Professional Development: My Way, Every Day!

For a long time I’ve been looking at models of professional development that go beyond the one-shot after-school workshop. As I’ve studied models of adult learning and become more familiar with the ways that teachers are successful at improving their practice, I’ve realized that good professional development experiences share a few core qualities:

  • They are sustained, occurring over weeks, months, or even years.
  • They are gradual and incremental, involving a lot of short but connected steps with moments of reflection and integration in between.
  • They are collaborative, involving questions, support, and conversation with other teachers in similar situations.
  • They directly meet the teacher’s needs, offering solutions to real problems in our every day experience in the classroom.
  • Over time, they change the way we see the world and therefore what we do with our students each day in the classroom.

As I become more invested in reading and tracking blogs through RSS, I’m coming to realize that those 15 minute sessions browsing headlines in Pageflakes and posting comments on blogs are starting to add up. Every day I have a little opportunity to see what others are doing and to ask myself why I do what I do and how I could do it better.

When a teacher starts using an RSS aggregator to keep on top of news stories, blog posts, and wiki updates, she is really taking the reins and becoming the editor-in-chief of her own professional development journal. “I want to learn about differentiating instruction in a social studies classroom and using a SmartBoard. I found six or seven experts in each area and they are going to be frequent contributors to my journal. When I don’t understand or disagree, I’m going to let them know and listen carefully to their responses and the comments of other people like me. At the end of the year, I’m going to know a lot more about these topics than I do now.”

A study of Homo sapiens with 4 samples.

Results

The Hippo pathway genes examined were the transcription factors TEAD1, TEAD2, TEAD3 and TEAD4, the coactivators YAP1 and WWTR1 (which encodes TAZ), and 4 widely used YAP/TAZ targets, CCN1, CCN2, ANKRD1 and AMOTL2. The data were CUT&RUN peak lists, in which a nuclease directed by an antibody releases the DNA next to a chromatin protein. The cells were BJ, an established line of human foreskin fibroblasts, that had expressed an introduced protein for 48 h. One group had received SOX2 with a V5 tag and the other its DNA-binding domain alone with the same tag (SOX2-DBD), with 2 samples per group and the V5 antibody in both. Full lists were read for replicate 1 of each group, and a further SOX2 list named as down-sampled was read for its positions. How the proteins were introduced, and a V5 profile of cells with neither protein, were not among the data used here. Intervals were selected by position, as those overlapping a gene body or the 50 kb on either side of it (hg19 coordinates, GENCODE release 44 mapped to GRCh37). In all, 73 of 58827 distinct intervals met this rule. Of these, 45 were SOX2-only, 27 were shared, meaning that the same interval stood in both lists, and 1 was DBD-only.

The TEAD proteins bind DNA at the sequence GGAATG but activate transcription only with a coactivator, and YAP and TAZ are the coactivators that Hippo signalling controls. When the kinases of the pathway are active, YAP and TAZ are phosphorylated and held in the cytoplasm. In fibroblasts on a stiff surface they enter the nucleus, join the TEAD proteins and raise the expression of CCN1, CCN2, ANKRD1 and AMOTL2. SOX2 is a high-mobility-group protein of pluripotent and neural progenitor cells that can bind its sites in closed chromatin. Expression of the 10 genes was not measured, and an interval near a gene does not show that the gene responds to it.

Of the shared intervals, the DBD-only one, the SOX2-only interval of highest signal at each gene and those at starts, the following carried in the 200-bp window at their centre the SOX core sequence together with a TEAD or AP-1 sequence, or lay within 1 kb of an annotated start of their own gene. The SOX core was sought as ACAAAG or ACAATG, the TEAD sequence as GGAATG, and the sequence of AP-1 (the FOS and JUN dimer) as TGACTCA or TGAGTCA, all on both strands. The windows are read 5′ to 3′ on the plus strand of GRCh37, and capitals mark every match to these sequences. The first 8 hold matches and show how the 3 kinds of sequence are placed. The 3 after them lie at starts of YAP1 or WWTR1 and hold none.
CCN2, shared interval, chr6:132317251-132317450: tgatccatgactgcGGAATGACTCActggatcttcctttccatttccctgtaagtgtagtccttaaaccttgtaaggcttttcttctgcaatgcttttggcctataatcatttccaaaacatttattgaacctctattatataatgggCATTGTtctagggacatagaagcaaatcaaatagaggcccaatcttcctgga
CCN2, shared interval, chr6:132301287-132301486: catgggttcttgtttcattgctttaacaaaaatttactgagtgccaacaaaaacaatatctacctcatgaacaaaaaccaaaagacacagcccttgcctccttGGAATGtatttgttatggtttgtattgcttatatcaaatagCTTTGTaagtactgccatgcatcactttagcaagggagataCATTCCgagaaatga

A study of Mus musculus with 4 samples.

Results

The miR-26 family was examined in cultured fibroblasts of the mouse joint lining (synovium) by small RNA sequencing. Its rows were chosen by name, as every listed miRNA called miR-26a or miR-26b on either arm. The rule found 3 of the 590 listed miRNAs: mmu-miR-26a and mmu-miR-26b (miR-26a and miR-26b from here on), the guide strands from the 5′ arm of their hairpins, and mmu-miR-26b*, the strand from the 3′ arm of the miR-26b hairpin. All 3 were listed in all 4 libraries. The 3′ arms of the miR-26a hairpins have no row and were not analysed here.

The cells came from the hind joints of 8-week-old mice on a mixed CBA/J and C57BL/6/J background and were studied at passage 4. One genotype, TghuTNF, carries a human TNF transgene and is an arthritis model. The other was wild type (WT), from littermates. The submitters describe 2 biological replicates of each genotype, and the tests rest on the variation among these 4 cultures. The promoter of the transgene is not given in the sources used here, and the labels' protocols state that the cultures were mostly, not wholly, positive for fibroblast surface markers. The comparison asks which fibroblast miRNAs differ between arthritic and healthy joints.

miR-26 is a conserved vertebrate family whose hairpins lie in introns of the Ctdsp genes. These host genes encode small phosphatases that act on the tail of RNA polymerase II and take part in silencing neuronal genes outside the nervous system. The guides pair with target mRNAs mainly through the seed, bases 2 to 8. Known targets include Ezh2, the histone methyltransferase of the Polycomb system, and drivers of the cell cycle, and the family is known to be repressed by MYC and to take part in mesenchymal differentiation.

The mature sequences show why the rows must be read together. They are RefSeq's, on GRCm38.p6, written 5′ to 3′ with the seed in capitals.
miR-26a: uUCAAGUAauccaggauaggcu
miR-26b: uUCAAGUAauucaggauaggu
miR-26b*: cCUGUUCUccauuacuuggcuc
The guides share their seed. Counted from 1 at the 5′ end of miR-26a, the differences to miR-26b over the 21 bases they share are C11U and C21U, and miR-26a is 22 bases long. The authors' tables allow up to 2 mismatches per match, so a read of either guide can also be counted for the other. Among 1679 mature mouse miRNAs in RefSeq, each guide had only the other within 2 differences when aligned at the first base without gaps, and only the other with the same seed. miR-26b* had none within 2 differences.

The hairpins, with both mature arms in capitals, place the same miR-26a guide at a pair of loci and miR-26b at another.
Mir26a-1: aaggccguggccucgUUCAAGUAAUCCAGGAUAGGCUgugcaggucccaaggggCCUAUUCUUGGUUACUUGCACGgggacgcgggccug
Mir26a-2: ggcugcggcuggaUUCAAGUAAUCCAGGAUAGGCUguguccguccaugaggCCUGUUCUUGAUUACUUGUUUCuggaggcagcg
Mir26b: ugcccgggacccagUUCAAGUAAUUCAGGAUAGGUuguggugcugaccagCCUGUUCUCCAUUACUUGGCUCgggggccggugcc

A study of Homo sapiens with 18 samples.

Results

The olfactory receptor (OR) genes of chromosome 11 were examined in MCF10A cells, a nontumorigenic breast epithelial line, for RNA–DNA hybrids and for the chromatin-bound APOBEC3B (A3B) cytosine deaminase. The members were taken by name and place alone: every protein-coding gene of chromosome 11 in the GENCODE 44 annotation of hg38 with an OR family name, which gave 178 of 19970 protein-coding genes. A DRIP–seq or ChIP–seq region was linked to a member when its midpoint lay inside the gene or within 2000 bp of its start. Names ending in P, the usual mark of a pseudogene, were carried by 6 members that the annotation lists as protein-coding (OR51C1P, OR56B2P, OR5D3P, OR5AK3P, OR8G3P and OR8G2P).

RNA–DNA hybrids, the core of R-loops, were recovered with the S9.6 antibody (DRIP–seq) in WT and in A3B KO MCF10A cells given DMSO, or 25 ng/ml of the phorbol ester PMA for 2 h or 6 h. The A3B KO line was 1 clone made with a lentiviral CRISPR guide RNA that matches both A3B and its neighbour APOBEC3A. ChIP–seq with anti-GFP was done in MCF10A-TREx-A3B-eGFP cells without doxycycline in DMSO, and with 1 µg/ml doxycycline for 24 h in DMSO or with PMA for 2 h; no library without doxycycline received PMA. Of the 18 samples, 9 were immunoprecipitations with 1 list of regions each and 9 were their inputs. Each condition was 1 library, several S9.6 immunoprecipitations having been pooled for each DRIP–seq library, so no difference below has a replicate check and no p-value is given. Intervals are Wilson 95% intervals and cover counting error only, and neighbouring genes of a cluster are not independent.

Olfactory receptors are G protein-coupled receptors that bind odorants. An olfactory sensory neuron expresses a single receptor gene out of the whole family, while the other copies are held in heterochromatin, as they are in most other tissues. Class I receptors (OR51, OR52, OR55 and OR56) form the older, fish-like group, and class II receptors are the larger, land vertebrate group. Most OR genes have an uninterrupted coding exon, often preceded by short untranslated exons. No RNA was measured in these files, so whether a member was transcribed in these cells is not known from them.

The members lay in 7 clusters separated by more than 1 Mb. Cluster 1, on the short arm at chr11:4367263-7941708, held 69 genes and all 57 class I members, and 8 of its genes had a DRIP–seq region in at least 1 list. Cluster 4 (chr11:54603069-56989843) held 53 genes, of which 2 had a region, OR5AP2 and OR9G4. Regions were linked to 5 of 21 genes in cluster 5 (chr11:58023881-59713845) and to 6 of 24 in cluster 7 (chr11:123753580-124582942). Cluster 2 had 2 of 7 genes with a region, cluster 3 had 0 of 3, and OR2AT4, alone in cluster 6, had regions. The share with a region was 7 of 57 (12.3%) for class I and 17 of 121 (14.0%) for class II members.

The best part of it is that the singular voice of the workshop lecturer or methods text (shudder) gives way to a cacophony of differing agendas, viewpoints, backgrounds, and ideas. We are forced to confront the complexity of our classroom experience and to forge – and frequently thereafter to re-visit and re-evaluate – our own understandings and practices. Simple answers provided by gurus don’t long satisfy intelligent teachers: they need to pick and choose from a buffet of best practices and ideas. Our RSS professional development journal does just that.

2 thoughts on “Professional Development: My Way, Every Day!

  1. Hi. I’m interested. I’m a graduate student in early childhood development. What is an RSS aggregator? Do you mean something like Bloglines? How would i do what she is doing?
    Thanks, Anita

  2. Yes, Anita. Bloglines or Pageflakes (my personal favorite) or Google Reader. Any software/web site that can stitch a lot of rss feeds into one ‘virtual newspaper’ of which you are the editor-in-chief!

    Take a look at the public side of my PageFlakes account, for example. I’ve told Pageflakes that I’m interested in news, the New York Jets, educational technology, skiing, teacher blogs, and Iraq. Those are the sections of my newspaper and I’ve also chosen the reporters who I would like to write for me – people whose work I’ve read and whose ideas I respect. Anytime I go to read my “paper,” it is updated with their latest posts, news, etc. I get professional development (and some enjoyment) a little bit at a time when and where I want it.